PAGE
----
Showing Collections: 211 - 240 of 387
This collection consists of Major League Baseball annual team yearbooks published by National League clubs. Aimed at fans, yearbooks typically contained information and articles about players, managers, and coaches, as well as statistics and schedules. Most yearbooks also featured numerous photographs of players and personnel and other team-related images. Some yearbooks contained advertisements. Materials include annual team yearbooks.
One game manufactured by Philadelphia Game Manufacturing Co. Players choose a baseball team and play by spinning the dial to move players around the bases throughout the innings.
A collection of 100 manuscript personal letters written by American textile artist Marian Stoll to her friend Elizabeth Morison, all dated between 1928 and 1938. The letters describe aspects of her professional life as well as her experiences living in Paris, Athens, and later, the U.S.
A collection consisting primarily of some 200 manuscript personal letters directed to Marie Balje Kimball (1873-1967) of Fulton County, New York. Included are a series of 22 letters written by a missionary friend in Turkish Armenia, 1908-10, and a series of 17 written from New York City in early 1919 by Marie Kimball's socialist and labor activist husband, Harry Kimball.
Four manuscript documents relating to the battle at Cap Français in the French colony of Saint-Domingue, 20-23 June 1793. All the documents are written by or to the Marquis de Sercey, a French rear admiral, aboard Éole in Cap Français harbor.
A pair of manuscript letters, each dated 4 October 1862, written to the Philadelphia Quaker Mary Bettle by two relatives, Sophia Jones and Elizabeth Williams. An enclosure in Jones's letter describes audiences of the Ohio Yearly Meeting of Friends with Salmon P. Chase, Edwin M. Stanton, and Lincoln, regarding exemption from the draft.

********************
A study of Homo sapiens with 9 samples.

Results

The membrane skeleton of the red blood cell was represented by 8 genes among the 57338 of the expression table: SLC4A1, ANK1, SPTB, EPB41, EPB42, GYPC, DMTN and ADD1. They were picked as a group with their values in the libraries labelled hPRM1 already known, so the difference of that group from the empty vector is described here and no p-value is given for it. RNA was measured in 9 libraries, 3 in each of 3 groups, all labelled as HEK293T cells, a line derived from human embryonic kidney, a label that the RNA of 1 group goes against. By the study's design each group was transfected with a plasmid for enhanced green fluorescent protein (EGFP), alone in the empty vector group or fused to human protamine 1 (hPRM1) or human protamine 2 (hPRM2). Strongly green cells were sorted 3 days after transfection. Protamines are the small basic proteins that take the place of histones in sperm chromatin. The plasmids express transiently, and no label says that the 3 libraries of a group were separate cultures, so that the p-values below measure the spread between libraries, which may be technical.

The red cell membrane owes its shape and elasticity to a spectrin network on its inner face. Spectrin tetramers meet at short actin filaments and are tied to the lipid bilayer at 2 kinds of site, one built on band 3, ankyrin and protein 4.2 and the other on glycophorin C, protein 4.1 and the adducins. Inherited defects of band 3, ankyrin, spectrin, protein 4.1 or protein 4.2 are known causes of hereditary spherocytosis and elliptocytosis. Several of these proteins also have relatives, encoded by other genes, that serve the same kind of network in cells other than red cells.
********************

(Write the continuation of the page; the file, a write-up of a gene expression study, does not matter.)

A four-page folio-sized manuscript letter written on 28-29 April 1862 by Mary Crowell of Nora, Illinois. Much of the letter is given over to news of members of Co. E, 15th Illinois Infantry, recently engaged at the battle of Shiloh.
This collection of the papers of the American librarian and editor Mary Eileen Ahern (1860-1938) consists primarily of incoming letters, many from prominent library professionals.
A manuscript diary of some 80,000 words kept by Mary Huntington Morgan (1873-1966) in Washington DC during the year 1896. Morgan was the unmarried 23-year-old daughter of Daniel Nash Morgan (1844-1931), Treasurer of the United States under Grover Cleveland.
This collection consists of the personal papers of Mary Martín, a Spanish artist. Materials include loose sketches and sketchbooks of Martín, as well as newspaper clippings on her exhibitions, photographs, some prints, and notes. The majority of the materials are undated. Significant topics include women artists, Spanish artists, Mexican art, and sketching.
This collection consists of twelve incoming letters written to Mary T. McCouattria, an African American schoolteacher from Rome, Georgia.
The collection includes more than 50 manuscript letters written during the Civil War by Pvt. John William Masterson, Co. A, 133rd New York Infantry, as well as later papers relating to Masterson's service and to his son William and daughter Ida.
Twenty-eight annual journals of the daily calendar type, recording the professional activities of agent Max. H. Roder of the U. S. Federal Bureau of Narcotics, 1931-1959.
A collection of more than 500 personal letters directed to Frank and Ruth McCracken at Toston, Montana. The letters span the years between the wars; most were written by relations and acquaintances in Minnesota, Montana, and (especially) North Dakota. In addition to personal and social content, there is much allusion to the broader economic, geographic, and cultural forces that shaped life on the Northern plains in the 1920s and 30s.
A group of 27 personal letters written by, to, or about James Monroe Meek, an East Tennessee lawyer and legislator jailed by the Confederates for his Unionist sympathies. Most of the correspondence dates from the Civil War.
A logbook documenting the 1839-40 voyage into the Atlantic of the American whaler Meridian.
Twenty-five advertising promotional cards, measuring 5 by 7 inches, published by the Milo Bar-bell Company. The cards feature weightlifters and strongmen in various poses, showing their muscles or exercising with various barbells and dumbbells. Many of the cards feature men posing while wearing little clothing. The original mailing envelope advertises the Milo Bar-bell Company, but none of the individual promotional cards reference the Milo Bar-bell Company.